Mexico’s ‘Drug War’ Is Really a War Against Journalists—Waged by the Government

Mexico’s ‘Drug War’ Is Really a War Against Journalists—Waged by the Government

Mexico’s ‘Drug War’ Is Really a War Against Journalists—Waged by the Government

Washington-backed military and economic initiatives have fueled a perfect machine of perpetual war.


The headlines reporting the survey have all blamed the “cartels,” but I put “drug war” in scare quotes because the conflict goes well beyond illegal narcotics. It’s a war against journalists. “Mexico is one of the worst countries in the world to be a journalist today,” according to a New York Times article titled “In Mexico, ‘It’s Easy to Kill a Journalist.’” “At least 104 journalists have been murdered in this country since 2000, while 25 others have disappeared, presumed dead.” And it’s not primarily the cartels doing the killing: “according to government data, public servants like mayors and police officers have threatened journalists more often than drug cartels, petty criminals or anyone else in recent years.… Cases include journalists tortured or killed at the behest of mayors, reporters beaten by armed men in their newsrooms on the order of local officials, and police officers threatening to kill journalists for covering the news.”

It’s a war against environmentalists, too: In January, an indigenous anti-deforestation activist, Isidro Baldenegro López, who won the Goldman Environmental Prize—the same award given to Honduran activist Berta Cáceres before her murderwas executed in Chihuahua. “Mexico has emerged as one of the most perilous countries” for environmental activists, writes Newsweek. “Organized crime, state-sanctioned intimidation and near-total impunity have proved to be a hazardous and often deadly combination for the many activists trying to protect the country’s natural resources. In January, Mexico’s Center for Environmental Rights (CEMDA) released a report that documented 63 attacks against environmental activists in 2015 and 2016. However, this only included cases reported on by the media or other NGOs, so the number could be much higher.” It’s a war against students, including the 43 who were disappeared one night in September 2014. It’s a war against teachers. And against the refugees who pour out of Central America and Mexico. All told, since 2007, some 200,000 Mexicans have been killed in the “drug war.”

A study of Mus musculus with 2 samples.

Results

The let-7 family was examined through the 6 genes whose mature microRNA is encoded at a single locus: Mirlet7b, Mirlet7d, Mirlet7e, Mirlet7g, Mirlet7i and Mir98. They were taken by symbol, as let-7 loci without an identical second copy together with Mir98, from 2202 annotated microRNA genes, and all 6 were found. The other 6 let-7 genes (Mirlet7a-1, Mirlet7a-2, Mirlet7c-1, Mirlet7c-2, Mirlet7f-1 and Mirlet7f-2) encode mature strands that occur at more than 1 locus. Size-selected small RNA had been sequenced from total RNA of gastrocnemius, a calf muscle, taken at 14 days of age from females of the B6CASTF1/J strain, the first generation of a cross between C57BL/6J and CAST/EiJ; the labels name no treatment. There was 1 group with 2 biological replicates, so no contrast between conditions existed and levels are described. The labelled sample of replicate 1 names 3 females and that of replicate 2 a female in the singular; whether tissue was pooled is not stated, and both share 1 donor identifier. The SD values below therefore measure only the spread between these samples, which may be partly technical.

I’ve written, here for example, how the combined effects of Plan Colombia, NAFTA, CAFTA, the militarization of the US-Mexican border, and other Washington-backed regional military and economic integration initiatives have created a “perfect machine of perpetual war.” That machine chugs on. The death toll was significantly higher in 2016 than it was in 2015, according to the IISS report cited above. Policy and opinion makers tend to focus on one or another piece of the crisis, on drugs or trade policy, but resist seeing the totality of what Dawn Paley calls “drug war capitalism.” To get a sense of how the pieces fit together—how financial liberalization, intensified resource extraction, skewed trade policies, a punishing migration regime, the criminalization of protest, the militarization of social policy, and the promotion of biofuels, all underwritten by a ceaseless flow of US military aid—read Christy Thornton, Adam Goodman, Anabel Hernández, and Óscar Martínez (including this report published in The Nation), among others. Also read NACLA. The United States got Donald Trump as a consequence of decades of failed, bipartisan economic and military policies. Mexico and Central America got a mountain of corpses that is getting higher by the day.

Correction: An earlier version of this article gave the wrong month for the disappearance of the Ayotzinapa students. They were disappeared in September 2014, not October 2014.